Maimonides, Laws of Repentance 2:9
“Repentance and Yom Kippur only atone for sins between man and God, such as eating forbidden foods, engaging in forbidden sexual relations, and the like. Sins between man and his fellow, however, like if one injures, curses, steals, etc. from his friend, he is not forgiven until he pays his fellow what he owes him and appeases him…”
That Rambam includes prohibited sexual relations in the category of ‘Between Man and God’ is jarring. If one cheats on a spouse, is a pedophile, or commits rape it is only between man and God? There is no victimization in these cases? There are definitely cases, such as between consenting adults, where indeed there is no sin toward a fellow human being. On the contrary, the parties involved might even think that the other is ‘doing such a mitzvah!’ Perhaps Rambam takes his cue from King David who confesses his sexual sin with Batsheva by saying before God, “I have sinned against You alone, and have done what is evil in Your eyes (Tehillim 51:6)”. Yet, the parable that Natan the Prophets confronts David with sure seems to imply that the sin was against Uriah. I’m really not sure what to make of this Psalm; granted, there wasn’t much David could do for Uriah at that point, and granted that Chaza”l jumped through hoops to make David’s sin technically permissible although still morally reprehensible (as clearly evidenced by his confession!). In my opinion, however, these justifications do not sufficiently clear God’s Messiah from having done wrong by his fellow human being.
One might suggest that there are two aspects of sexual sin – one against God and one against man. Fair enough. It’s possible. I’m not satisfied with that answer because a) there are many prohibitions ‘between man and his fellow’ which could have fallen into both categories, and b) Rambam uses sexual sin as a paradigmatic example of ‘bein Adam la-makom’. Is there a shortage of prohibitions of the ‘between man and God’ type? Shouldn’t idolatry make that list?
To add a bit of fuel to the fire, Rambam makes a well-known distinction in the sixth chapter of ‘Shemoneh Prakim’, his introduction to his commentary on Tractate Avot. He notes, on one hand, that the philosophers say that it is better to do good because one is naturally inclined toward doing good than to do good because one forces himself to do good. On the other hand, Our Sages said that one need not reduce his appetite for sin. Rather one should refrain from sin because it is the decree of God. Rambam resolves this issue by saying that each refers to a different category of mitzvot: those which are ‘mefursamot’ (which I, not knowing the original Arabic and basing it on context, would translate as ‘conventional’) and would naturally be arrived at by every society and correspond to widespread definitions of good and evil, and those which are ‘shim’iyot’ and would not be considered evil had the Torah not prohibited them.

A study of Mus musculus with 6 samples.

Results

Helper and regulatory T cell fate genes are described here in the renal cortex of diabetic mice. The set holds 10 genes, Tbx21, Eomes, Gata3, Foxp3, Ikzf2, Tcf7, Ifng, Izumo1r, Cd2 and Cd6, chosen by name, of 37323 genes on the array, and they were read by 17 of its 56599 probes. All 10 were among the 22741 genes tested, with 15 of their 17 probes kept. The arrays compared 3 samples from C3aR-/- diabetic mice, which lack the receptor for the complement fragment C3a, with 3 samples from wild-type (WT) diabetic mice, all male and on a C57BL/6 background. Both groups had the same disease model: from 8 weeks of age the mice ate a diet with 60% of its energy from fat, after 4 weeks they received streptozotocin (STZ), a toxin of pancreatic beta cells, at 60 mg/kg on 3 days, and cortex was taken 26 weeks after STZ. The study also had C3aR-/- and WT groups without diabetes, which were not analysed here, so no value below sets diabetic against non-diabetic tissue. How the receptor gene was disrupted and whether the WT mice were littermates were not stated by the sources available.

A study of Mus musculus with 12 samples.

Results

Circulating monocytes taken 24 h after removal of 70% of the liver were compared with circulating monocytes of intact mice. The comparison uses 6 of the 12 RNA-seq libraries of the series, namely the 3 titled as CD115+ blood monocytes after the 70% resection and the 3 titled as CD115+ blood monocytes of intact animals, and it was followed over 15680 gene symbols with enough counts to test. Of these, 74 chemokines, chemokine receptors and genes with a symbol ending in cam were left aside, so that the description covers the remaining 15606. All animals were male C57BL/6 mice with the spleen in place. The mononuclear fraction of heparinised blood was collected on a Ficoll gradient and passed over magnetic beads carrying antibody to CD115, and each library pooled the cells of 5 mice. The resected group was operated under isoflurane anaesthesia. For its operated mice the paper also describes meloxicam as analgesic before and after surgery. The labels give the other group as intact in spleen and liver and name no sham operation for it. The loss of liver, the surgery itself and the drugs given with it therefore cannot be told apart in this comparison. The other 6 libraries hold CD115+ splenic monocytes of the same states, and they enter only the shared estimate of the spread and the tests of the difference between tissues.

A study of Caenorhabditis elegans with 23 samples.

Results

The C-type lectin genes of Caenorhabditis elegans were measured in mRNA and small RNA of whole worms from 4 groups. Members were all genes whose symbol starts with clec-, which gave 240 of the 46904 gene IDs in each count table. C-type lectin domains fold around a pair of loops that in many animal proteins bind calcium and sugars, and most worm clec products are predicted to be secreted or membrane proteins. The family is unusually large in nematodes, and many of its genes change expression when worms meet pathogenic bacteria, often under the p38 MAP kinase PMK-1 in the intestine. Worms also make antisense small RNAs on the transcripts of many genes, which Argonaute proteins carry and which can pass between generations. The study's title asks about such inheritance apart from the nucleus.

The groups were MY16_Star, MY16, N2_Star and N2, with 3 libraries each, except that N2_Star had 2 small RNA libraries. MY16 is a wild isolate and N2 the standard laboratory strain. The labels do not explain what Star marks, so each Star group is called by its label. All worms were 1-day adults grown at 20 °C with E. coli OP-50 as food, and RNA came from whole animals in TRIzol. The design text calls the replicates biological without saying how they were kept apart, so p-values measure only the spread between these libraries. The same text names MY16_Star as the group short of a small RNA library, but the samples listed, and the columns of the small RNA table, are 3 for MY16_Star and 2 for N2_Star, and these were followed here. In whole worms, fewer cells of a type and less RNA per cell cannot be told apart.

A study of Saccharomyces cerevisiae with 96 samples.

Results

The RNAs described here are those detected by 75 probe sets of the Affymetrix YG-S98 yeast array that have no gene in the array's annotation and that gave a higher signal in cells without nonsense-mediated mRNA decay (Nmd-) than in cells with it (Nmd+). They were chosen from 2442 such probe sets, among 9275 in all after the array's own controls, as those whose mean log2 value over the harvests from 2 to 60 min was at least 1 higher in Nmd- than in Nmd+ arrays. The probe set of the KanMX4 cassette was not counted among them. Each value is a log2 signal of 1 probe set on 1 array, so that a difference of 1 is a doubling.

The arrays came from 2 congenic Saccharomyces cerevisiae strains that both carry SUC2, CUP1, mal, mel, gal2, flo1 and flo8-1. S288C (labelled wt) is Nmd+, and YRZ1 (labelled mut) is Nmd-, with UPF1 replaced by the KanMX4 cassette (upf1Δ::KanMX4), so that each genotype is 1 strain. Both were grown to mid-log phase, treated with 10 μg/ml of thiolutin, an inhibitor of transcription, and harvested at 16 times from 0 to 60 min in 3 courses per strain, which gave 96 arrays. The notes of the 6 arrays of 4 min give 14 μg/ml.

The list of ‘widespread’ mitzvot includes the prohibitions against stealing, murder, battery, and overcharging. The other list includes shaatnez, prohibited foods, and – you guessed it – prohibited sexual relations. Once again, the inclusion of sexual relations on this list seems very jarring. Here, though, he’s quoting from an earlier source (my edition doesn’t give the reference, but I found a variant in the Yalkut Shimoni on Kedoshim, 626). Once again, one can make the case that certain sexual sins are not forbidden because of a need to maintain society the same way that, say, theft must be prohibited. It’s somewhat chilling to think that Rambam would say that it’s ok to look around and think ‘efshi ve-efshi, but God said no’.
These two examples lead me to the conclusion that Rambam had a dramatically different sexual ethic than we do. He treats it very impersonally, like it’s a biological fact and need and not a function of erotic love. The problem with cheating on a spouse is that God said no – and it remains between man and God. For the Rambam, it’s not a significant en1ugh c1mponent of the human relationship for it to warrant categorization as ‘Between Man and Man’ or for it to be acknowledged as a norm that all societies recognize. The closest that I’ve seen the Rambam coming to a description of Eros is in Yesodei Ha-Torah 2:2, and there he talks about the love of God.